Since the beginning of the dive season, my eye has largely been drawn towards the simplicity and freedom of spearfishing. A lot of my spare time has been spent researching spots, looking over marine charts, researching gear, and of course, getting in the water!
This particular journey took me out to Akaroa on the inside of the harbour.
Opting for a shore dive this time around, my dive buddy and I started the swim out to the area of rocky reef where we’d previously scored a feed. The first half hour or so provided us with plenty to see, but not a lot to bring home. Lots of Moki were spotted, but none that would have surpassed the legal catch limit of 40cm. Thankfully, this wasn’t the story for the rest of the day.
Hunting the relative shallows, between 5-7 metres, I managed to secure my first fish, a butterfish measuring just shy of 60cm (still my personal best for this species).
Next up came a much more surprising catch for the area, a decent sized Kahawai. Luck was undoubtedly on my side with this shot, as I’d descended almost directly on top of the fish, which was sitting in about 9 metres of water.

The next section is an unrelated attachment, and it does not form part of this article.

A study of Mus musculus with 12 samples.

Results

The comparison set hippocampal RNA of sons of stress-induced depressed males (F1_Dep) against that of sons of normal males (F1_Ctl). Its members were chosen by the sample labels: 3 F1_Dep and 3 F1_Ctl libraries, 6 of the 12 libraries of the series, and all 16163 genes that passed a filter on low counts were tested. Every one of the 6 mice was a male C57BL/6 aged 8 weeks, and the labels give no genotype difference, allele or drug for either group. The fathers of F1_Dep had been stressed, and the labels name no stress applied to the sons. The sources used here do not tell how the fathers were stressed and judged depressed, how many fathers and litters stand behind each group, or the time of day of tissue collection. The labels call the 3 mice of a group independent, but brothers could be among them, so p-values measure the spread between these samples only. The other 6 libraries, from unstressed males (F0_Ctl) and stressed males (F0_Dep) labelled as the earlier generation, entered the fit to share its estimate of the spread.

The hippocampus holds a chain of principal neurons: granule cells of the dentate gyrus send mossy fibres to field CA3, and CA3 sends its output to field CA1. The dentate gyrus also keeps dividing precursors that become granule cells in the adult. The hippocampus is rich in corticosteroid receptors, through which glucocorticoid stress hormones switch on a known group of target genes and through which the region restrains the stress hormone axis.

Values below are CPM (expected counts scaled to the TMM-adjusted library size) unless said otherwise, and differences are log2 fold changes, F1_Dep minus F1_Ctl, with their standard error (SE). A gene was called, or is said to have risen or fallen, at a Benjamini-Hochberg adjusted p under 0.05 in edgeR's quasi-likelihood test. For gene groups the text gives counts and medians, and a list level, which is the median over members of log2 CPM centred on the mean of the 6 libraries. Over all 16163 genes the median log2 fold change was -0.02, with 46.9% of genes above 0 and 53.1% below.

Despite only having an additional 5cm of length over the butterfish, the Kahawhai put up a much greater fight, something I wasn’t used to for a smaller fish.
Nevertheless I hauled it to the surface and secured the catch. It was good timing, as a large short-tailed stingray cruised up to me, looking for a free meal!
The evening was drawing to a close so my buddy and I decided we would aim for one more fish each then call it a night. I dropped down into some deeper water, surrounded by long kelp strands, and sure enough locked eyes with a school of Blue Moki. Lining up the biggest of the bunch, I took my shot, and added that to the days catch as well.
With the head Torches on, we cooked up a feed and packed up our gear, and after marking out the spots for next time, headed home for a well-deserved rest.